Scope, context and approach
Context of this review
The Family Violence Death Review Committee
1.4The impetus for this Report is a recommendation from the Family Violence Death Review Committee (FVDRC) that the Government:
- considers modifying the test for self-defence set out in section 48 of the Crimes Act 1961 so that it is more readily accessible to victims of family violence; and
- considers the introduction of a partial defence to murder that can be utilised by primary victims of family violence who are not acting in self-defence at the time they retaliate in response to the abuse they have experienced.
1.5These recommendations were made in the FVDRC’s Fourth Annual Report, published in June 2014, which reported that, over the period 2009–2012, there were 126 family violence deaths. The FVDRC identified that 10 family violence deaths involved a killing by a victim of family violence of their abusive partner. The defendants in all those cases were women. A further three deaths involved killings by children who had been abused by fathers or step-fathers and had witnessed their mothers being abused.
1.6The FVDRC observed that victims of family violence who kill their abusers are usually charged with murder and, if convicted, can face long terms of imprisonment rather than having their long-term history of victimisation and, at times, extreme abuse recognised in the criminal justice response to their crimes. The FVDRC concluded, as a result, that victims of family violence who kill their abusers are not well served by the New Zealand justice system. The FVDRC observed that, compared with similar international jurisdictions:
… Aotearoa New Zealand is out of step in how the criminal justice system responds to [intimate partner violence] primary victims when they face homicide charges for killing their abusive partners … Firstly, it can be attributed to the fact that the defence of self-defence has been interpreted in a restrictive manner in Aotearoa New Zealand, making it difficult to apply in cases involving primary victims. Secondly, by abolishing provocation New Zealand now has no partial defences to murder for those primary victims whose circumstances do not fit within the full defence of self-defence. These defendants will now be convicted of murder rather than manslaughter. And thirdly, Aotearoa New Zealand retains a presumption of life imprisonment for murder, which is difficult to overturn even in such cases and, when it is overturned, still results in long sentences of imprisonment. As such the violent circumstances (that offenders who were [primary victims] were entrapped in and responding to) do not appear to be reflected in local verdicts to the same degree as they are in comparable international jurisdictions.
Government family violence initiativesTop
1.7Also in 2014, the Minister of Justice and the Minister for Social Development announced that family violence and sexual violence are amongst their top priorities and undertook a package of initiatives. One of the key initiatives was publication in August 2015 of a discussion document about strengthening the legal response to family violence. Within the scope of the review are the Domestic Violence Act 1995, the Care of Children Act 2004, the Crimes Act 1961, the Bail Act 2000 and the Sentencing Act 2002.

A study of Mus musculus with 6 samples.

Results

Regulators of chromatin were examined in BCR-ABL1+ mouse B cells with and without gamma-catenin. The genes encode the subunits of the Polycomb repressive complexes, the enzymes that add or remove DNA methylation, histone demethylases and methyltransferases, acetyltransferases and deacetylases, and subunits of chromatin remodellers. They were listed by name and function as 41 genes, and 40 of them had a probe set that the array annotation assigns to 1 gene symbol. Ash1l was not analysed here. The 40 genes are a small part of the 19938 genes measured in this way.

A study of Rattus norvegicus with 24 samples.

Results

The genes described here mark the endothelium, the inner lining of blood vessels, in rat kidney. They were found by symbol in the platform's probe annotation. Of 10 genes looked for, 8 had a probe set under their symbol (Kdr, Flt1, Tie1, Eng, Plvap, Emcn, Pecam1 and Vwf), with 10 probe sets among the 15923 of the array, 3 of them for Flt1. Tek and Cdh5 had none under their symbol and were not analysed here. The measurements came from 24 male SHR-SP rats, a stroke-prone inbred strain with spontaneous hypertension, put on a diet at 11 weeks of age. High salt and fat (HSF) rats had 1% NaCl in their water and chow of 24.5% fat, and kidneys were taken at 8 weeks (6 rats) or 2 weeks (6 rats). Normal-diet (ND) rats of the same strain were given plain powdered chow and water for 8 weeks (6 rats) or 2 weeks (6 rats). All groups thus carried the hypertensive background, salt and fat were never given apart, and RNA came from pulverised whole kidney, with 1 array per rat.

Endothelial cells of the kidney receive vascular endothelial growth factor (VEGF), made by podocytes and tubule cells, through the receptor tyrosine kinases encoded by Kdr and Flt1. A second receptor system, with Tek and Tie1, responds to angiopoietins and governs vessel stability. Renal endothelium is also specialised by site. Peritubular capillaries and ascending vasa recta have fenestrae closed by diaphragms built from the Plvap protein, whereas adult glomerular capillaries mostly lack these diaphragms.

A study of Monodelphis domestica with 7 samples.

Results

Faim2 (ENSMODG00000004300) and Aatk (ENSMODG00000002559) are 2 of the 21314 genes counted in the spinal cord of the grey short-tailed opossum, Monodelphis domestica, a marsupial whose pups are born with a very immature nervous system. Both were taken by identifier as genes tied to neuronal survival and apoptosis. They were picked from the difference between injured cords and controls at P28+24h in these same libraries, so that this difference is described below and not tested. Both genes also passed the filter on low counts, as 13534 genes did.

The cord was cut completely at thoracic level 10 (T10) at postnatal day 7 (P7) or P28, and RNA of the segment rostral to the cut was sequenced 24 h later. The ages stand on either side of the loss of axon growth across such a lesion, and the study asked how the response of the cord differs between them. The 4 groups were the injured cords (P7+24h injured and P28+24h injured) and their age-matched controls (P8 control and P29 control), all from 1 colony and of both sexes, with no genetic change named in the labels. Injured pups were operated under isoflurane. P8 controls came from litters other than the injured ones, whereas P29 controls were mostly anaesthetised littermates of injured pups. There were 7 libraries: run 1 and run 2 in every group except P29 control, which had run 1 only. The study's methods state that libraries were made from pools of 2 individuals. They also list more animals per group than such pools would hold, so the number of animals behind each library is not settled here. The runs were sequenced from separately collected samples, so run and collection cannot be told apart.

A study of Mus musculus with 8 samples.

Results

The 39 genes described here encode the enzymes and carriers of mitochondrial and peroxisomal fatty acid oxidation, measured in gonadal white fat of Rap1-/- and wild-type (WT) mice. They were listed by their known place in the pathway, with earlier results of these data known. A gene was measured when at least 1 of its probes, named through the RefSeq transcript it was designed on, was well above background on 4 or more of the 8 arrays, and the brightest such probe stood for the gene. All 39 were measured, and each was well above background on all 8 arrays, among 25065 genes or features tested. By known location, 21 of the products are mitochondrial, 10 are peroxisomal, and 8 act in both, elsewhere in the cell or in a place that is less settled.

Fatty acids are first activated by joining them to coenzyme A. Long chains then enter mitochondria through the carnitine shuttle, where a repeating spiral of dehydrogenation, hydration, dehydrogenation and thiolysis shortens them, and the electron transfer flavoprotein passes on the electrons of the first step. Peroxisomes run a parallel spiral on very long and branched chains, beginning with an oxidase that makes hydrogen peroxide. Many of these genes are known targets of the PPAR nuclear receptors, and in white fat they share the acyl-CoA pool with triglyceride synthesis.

1.8Submissions on that document closed in September 2015, and a report is likely in mid-2016.
Law Commission projects on family violence and sexual violenceTop
1.9This review is one of three family violence or sexual violence projects referred to the Commission. The other two were:
- Alternative models for prosecuting and trying criminal cases. We were asked to identify best practice for improving the court experience for complainants, with a particular focus on sexual offence cases. We recommended:
- establishing an alternative process outside of court for resolving sexual violence cases (such as in situations where the victim wants to maintain a relationship with the perpetrator);
- improving the court experience for victims of sexual offending by mechanisms such as statutory time limits to ensure speedier case resolution, introducing less traumatic methods for complainants to give evidence at trial, and piloting a specialist sexual violence court with expert judges and lawyers who are trained and accredited in dealing with sexual violence cases; and
- establishing a sexual violence commission to coordinate and oversee wraparound care and services for victims of sexual violence.
This reference was tabled in Parliament in December 2015.
- Creation of a separate crime of non-fatal strangulation. In that Report, we examined the case for a new offence of strangulation. The Commission found that the risks following strangulation are not well understood by Police, judges and others who assist victims of family violence. In at least half of all cases, strangulation does not result in an obvious external injury, which makes it difficult to lay serious charges against the perpetrator and means that perpetrators of strangulation are often getting a much lower sentence than they deserve. The Commission makes seven recommendations to improve the way that the criminal justice system responds to strangulation in family violence circumstances, including a recommendation that a specific offence of strangulation should be enacted.
This reference was tabled in Parliament in March 2016.